Hot on the showing of PBS’s excellent documentary on the battle over intelligent design, the American Academy of Religion has announced that they’re offering a panel on intelligent design’s most eloquent spokespasta: the Flying Spaghetti Monster. Included in the panel is a discussion of the status of Pastafarianism as a “real” religion- if a set of purported beliefs motivate a community to act together in a way other than they otherwise would, but by what standard can we really say that their religion isn’t “real”?
While humor in religion has a long and very real history, I have some doubts that the study of FSM as a social phenomenon has a great deal to reveal about religion. Pastafarianism, like Discordianism and the Church of the Subgenius before it, adopts the trappings of religion in order to point out the foibles of certain aspects of the religious viewpoint. Such shortcomings should already be readily apparent to an academic body, if not always to the believers who are being parodied.
Meanwhile, is Flying Spaghetti Monsterism a “real” religion? While the seemingly religious- or at least cultic- actions taken by its adherents argue in favor of such a conclusion, ultimately I think FSM’ism fails by the same standard that skewered Intelligent Design in the Kansas debate.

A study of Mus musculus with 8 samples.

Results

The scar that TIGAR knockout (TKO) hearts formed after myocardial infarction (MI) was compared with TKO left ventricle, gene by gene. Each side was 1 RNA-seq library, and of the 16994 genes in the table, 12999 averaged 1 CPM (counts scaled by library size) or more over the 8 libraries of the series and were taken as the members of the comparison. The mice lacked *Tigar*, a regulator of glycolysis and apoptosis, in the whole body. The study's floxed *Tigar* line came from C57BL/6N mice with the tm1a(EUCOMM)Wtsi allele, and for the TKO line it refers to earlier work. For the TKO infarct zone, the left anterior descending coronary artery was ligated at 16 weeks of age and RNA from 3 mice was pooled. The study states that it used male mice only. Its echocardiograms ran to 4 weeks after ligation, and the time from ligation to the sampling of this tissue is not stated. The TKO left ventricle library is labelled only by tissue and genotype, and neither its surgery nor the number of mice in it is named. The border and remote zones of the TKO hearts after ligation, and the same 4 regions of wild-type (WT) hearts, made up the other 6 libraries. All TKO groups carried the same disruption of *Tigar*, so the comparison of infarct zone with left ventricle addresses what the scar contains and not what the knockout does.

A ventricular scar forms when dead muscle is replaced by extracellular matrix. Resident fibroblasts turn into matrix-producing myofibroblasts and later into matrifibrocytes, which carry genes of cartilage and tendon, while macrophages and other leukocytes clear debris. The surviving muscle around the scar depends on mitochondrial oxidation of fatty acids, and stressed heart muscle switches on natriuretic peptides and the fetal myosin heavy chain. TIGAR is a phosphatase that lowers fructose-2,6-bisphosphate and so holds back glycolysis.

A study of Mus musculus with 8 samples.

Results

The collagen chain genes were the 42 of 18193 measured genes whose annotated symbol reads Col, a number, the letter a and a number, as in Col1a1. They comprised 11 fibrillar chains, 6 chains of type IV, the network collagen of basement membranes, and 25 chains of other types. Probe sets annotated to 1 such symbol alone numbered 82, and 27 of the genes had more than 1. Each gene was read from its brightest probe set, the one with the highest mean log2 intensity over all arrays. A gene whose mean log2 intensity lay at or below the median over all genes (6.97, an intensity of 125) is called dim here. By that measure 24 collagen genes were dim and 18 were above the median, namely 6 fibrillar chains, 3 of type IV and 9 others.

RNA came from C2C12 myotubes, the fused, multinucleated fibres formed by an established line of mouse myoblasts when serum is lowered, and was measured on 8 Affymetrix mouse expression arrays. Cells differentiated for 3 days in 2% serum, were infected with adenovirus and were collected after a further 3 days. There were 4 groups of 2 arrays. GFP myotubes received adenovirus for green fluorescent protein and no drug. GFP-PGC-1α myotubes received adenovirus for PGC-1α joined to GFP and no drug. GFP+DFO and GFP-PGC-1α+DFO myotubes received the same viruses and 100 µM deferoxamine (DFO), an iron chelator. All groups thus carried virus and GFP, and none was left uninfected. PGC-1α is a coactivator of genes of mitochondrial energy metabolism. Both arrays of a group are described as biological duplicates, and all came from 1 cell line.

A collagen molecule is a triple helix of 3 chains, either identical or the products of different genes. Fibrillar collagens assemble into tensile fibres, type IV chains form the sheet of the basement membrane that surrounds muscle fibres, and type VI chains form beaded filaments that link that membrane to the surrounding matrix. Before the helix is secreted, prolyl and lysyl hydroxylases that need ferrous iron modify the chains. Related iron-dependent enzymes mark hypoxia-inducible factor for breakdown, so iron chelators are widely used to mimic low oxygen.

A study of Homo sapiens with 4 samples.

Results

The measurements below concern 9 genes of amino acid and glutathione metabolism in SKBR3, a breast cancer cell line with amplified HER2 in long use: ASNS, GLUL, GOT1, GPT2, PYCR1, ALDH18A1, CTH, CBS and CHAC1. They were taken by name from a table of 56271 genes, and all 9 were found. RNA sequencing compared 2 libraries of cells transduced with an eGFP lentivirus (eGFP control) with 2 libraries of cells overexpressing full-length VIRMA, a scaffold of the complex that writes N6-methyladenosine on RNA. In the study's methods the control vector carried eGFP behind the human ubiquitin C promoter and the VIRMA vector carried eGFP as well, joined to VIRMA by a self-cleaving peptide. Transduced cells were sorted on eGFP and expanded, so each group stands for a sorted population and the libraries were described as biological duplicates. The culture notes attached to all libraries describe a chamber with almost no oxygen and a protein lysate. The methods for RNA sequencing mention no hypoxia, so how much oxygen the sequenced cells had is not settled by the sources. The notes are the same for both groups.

On the stand, one of the Discovery Institute’s experts on ID was forced to admit that if intelligent design was a science, then astrology had to be admitted as a science by the same definition. If the acolytes of the Flying Spaghetti Monster are engaged in a religious activity, then almost anything given a thin veneer of religious observance would also have to be considered under the same heading. A definition of religion this broad would provide as little insight into religion as intelligent design provides into the origins of life.